Put in charge of his young son, Alain leaves Belgium for Antibes to live with his sister and her husband as a family. Alain's bond with Stephanie, a killer whale trainer, grows deeper after Stephanie suffers a horrible accident.
A new drama set in the East End of London in 1889 during the aftermath of Jack The Ripper murders. The infamous H Division - the police precinct charged with keeping order in the district ... See full summary »
Strange events happen in a small village in the north of Germany during the years just before World War I, which seem to be ritual punishment. The abused and suppressed children of the villagers seem to be at the heart of this mystery.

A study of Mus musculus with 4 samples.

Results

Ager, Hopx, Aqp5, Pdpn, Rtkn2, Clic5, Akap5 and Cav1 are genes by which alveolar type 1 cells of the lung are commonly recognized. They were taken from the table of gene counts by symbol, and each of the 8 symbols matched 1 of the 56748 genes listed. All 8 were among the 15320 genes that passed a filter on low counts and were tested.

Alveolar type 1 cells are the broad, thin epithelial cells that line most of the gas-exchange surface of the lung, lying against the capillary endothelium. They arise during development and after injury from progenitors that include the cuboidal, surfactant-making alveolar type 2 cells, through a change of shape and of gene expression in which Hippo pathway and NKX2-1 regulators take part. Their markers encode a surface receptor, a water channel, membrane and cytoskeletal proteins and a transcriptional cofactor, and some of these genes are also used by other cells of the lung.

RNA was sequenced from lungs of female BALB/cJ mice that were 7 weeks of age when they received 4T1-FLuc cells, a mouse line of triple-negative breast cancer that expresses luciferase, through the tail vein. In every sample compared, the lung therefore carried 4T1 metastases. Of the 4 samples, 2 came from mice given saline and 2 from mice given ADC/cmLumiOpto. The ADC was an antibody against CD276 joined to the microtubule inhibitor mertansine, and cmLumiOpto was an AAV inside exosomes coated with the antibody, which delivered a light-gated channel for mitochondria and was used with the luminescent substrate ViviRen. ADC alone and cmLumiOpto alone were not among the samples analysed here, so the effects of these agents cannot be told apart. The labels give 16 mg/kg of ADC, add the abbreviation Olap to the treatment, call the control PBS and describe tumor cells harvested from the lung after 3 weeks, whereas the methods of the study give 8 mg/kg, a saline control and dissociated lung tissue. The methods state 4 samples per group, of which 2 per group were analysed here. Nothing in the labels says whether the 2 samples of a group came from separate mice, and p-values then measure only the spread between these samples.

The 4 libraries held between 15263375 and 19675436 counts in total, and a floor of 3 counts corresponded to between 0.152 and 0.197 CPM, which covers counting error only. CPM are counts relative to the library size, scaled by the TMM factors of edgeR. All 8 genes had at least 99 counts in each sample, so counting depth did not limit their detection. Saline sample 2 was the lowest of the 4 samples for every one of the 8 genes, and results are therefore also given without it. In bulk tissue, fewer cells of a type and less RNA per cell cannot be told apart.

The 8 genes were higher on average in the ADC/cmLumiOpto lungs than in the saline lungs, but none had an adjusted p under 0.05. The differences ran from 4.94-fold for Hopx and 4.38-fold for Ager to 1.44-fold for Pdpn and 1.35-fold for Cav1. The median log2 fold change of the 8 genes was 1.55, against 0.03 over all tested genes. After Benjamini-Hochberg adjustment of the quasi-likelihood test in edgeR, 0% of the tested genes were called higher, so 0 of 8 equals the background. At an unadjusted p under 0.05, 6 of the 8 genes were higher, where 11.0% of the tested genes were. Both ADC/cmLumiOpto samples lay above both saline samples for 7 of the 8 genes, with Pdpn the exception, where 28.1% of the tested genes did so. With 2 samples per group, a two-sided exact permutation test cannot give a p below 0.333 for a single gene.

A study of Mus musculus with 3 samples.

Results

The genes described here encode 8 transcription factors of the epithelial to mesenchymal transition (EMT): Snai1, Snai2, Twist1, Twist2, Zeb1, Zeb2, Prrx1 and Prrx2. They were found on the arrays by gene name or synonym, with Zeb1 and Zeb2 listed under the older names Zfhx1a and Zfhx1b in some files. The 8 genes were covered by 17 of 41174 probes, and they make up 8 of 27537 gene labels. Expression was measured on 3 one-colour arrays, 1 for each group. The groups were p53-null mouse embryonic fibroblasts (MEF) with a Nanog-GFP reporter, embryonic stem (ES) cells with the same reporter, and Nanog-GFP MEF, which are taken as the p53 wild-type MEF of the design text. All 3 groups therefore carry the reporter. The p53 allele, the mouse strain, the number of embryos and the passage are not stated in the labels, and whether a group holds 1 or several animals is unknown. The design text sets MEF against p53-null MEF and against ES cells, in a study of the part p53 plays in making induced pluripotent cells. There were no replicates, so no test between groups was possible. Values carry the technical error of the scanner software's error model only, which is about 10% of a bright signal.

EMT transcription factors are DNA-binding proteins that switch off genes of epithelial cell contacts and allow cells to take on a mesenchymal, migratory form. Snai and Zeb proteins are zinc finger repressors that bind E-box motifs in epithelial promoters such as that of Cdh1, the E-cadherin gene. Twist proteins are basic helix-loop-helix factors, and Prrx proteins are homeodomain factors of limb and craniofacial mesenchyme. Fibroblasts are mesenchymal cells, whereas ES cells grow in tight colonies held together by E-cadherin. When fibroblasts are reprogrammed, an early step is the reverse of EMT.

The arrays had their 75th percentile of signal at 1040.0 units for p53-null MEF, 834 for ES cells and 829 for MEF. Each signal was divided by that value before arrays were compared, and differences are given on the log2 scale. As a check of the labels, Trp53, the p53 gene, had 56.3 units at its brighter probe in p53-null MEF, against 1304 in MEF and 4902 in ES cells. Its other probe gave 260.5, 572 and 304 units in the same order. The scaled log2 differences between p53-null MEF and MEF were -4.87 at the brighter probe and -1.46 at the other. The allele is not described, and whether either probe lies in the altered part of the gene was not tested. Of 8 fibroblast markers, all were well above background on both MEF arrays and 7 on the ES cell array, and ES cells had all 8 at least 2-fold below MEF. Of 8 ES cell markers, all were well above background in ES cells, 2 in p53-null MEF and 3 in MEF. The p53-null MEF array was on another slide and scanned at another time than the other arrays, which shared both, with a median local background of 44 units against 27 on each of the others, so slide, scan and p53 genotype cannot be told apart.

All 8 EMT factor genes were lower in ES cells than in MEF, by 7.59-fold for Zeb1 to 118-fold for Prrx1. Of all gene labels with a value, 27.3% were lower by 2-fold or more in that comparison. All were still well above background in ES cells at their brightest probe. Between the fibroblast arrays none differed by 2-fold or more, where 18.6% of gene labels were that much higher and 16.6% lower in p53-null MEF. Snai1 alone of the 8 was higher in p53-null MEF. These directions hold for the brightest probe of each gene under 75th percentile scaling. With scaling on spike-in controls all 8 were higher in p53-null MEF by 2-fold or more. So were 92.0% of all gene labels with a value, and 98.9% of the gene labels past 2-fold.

The idea of taking a team of British actors and placing them in a crime fighting scenario in another European country can have mixed results. It worked with Maigret and it didn't work with Wallander.
It DOES work with Zen. Whether or not it adheres to Michael Dibdin's novels I don't know because I haven't read them.
Visually this series is a treat. The men are impeccably dressed and all look like James Bond! The stories themselves aren't going to win any awards but the journey is nonetheless an enjoyable and satisfactory one.
If you're worn down by the usual shaky-cam stupidity of most modern trashy UK drama featuring the hyper-melodramatic plot lines and scripts with the usual, overly used actors and you need a reassuringly glossy and understated look into a world of low key drama then Zen is for you.
Not masterfully intelligent but neither is it insultingly cringe-worthy.
ZEN is a thoroughly enjoyable drama and a refreshing change of pace.